July 21, 2017
After a traditional welcome-sign portrait, we took advantage of the excellent weather by heading up Firle Beacon:
Debbie’s hair is naturally only slightly wavy, but Rik was able to procure a convincingly curly wig to lend verisimilitude to the re-enactment while preserving her natural dignity.
Firle Beacon is one of the 2,010 Marilyns in the UK: that is, mountains and hills with prominence of over 150 metres. The name was coined by Sir Hector Marilyn as a companion to the more famous Scottish Munros.
Next we visited the lovely village of Firle: after a cup of tea at the famous Ram Inn, we paid a visit to the church.
The seat of the local manor Firle Place has been with the Gage family since 1476, and the name of the famous greengage plum variety almost certainly derives from a member of the Gage family, though there is some confusion over whether it was the Reverend John Gage or Sir William Gage, 7th Baronet who are both variously credited for the import of this fruit into Britain from France. Visitors to the village are advised to stay well clear of this bitterly disputed controversy.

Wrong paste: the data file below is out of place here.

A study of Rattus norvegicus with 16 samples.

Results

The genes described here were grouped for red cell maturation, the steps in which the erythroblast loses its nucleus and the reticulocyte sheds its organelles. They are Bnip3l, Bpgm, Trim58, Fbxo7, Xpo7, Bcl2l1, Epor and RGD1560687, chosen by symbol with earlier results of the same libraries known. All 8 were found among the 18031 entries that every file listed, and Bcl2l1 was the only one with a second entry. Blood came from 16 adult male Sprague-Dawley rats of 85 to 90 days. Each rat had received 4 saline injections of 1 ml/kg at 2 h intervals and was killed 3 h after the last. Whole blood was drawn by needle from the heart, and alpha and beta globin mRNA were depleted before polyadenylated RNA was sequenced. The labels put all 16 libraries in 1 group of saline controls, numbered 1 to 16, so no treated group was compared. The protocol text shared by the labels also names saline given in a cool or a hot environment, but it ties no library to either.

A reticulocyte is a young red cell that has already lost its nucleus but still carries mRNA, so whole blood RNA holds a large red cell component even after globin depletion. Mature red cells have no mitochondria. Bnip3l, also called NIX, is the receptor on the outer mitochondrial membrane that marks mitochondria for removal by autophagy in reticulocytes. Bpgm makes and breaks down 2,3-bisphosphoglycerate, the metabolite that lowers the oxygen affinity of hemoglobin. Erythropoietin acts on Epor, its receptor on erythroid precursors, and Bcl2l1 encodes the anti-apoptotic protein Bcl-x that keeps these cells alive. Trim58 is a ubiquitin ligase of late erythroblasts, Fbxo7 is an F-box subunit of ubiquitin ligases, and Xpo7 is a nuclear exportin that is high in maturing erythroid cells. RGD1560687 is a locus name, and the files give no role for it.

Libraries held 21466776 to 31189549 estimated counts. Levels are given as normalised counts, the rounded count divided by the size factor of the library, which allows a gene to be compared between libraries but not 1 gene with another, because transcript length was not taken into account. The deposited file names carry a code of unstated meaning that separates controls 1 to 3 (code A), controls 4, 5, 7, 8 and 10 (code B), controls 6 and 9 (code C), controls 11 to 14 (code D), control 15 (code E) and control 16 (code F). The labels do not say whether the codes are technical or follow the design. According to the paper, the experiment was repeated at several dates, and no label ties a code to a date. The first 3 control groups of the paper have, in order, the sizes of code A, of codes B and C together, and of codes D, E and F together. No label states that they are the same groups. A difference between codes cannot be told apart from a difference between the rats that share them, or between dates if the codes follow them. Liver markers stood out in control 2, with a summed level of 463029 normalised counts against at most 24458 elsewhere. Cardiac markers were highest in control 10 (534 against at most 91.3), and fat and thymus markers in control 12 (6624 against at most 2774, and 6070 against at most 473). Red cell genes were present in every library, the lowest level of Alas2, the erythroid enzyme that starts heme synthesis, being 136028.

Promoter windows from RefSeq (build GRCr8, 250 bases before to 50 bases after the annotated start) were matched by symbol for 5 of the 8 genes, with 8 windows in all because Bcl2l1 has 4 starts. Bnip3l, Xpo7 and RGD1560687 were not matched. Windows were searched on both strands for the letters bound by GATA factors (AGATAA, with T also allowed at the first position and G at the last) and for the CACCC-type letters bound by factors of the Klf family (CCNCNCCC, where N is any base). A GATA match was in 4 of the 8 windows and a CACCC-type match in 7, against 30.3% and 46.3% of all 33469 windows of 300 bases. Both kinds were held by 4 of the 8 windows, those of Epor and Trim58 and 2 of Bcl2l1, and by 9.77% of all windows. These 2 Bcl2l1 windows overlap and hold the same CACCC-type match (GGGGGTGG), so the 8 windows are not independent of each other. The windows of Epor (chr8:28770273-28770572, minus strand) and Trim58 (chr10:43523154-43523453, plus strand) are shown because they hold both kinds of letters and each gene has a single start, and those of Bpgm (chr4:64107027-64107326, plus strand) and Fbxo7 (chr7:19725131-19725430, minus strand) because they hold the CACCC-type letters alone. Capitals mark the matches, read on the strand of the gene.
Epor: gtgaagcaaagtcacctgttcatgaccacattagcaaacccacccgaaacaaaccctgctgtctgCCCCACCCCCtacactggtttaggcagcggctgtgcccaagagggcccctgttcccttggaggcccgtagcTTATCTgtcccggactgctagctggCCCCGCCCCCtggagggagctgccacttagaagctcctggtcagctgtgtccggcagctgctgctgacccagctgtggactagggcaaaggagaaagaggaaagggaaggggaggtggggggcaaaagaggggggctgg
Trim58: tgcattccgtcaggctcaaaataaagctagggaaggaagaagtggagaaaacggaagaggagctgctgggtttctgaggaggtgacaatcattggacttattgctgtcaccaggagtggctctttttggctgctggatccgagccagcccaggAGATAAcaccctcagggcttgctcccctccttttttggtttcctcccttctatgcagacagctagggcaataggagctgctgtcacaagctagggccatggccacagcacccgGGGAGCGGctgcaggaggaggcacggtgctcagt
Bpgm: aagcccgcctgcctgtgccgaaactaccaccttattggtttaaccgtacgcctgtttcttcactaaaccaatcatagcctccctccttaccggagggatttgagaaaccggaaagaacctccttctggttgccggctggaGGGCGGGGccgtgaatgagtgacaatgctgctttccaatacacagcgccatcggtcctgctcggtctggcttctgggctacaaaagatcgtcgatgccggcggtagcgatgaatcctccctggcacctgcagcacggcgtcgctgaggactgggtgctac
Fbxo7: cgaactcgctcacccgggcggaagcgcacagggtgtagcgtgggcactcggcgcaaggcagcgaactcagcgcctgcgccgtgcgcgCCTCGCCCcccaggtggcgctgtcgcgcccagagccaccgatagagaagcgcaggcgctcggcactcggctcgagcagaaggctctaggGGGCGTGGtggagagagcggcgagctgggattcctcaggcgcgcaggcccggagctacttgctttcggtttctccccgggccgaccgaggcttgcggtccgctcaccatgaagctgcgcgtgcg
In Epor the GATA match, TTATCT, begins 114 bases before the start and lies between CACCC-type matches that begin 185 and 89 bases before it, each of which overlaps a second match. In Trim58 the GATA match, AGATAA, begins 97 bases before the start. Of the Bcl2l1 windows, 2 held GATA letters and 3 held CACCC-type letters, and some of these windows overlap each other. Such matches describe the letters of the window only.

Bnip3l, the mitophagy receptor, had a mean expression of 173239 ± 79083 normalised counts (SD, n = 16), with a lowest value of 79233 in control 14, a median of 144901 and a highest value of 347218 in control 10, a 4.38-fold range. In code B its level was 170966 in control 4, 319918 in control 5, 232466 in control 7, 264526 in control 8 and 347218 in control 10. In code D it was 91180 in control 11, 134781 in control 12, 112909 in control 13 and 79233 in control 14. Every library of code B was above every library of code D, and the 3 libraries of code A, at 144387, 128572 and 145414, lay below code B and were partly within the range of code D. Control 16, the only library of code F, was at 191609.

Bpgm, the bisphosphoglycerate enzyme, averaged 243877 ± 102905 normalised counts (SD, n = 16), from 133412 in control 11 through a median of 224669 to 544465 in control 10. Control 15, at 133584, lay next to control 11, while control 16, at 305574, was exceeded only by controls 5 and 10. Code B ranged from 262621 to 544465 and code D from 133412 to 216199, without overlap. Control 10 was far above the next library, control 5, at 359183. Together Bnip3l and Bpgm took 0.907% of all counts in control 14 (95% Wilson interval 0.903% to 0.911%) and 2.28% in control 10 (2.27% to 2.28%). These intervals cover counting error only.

Leading economist John Maynard Keynes moved to Firle in 1925, and died there in 1946.
Formerly thought to originate in the Iron Age or even the neolithic period, a 2003 archaeological investigation has shown that the figure may have been cut in the 16th or 17th century. From afar the figure appears to have been carved from the underlying chalk, but the modern figure – which is in a different location to the original – is formed much more conveniently, from white-painted breeze blocks and lime mortar.
Early depictions of the figure show other details such as a possible scythe blade on the right-hand staff and the suggestion of a helmet or hat on the figure’s head. Now he looks more like a pioneering Nordic walker.
Rik’s contribution to this historic spot was to lie down for a rest on the grass below the giant’s feet with his spectacles in his shirt pocket. Not a good idea it turned out.
Next on our programme was a short walk to see the famous Seven Sisters,
(While taking the photograph above, Rik realised that his glasses were not with him, and recalled being supine by the Long Man).
From this viewpoint, we completed our walk by crossing the bay to the base of the Seven Sisters, which involved paddling through a fast flowing stream, before heading back inland, surrounded by the happy babble of day-tripping foreign students.
It was then time to return to the Long Man, so that Rik could retrace his steps, and with undeserved good fortune, reclaim his specs.
How better to set the seal on a perfect day’s Learing than by returning to Angmering Manor to enjoy a storming performance by Suspiciously Elvis – serendipitously appearing on the third night of our stay.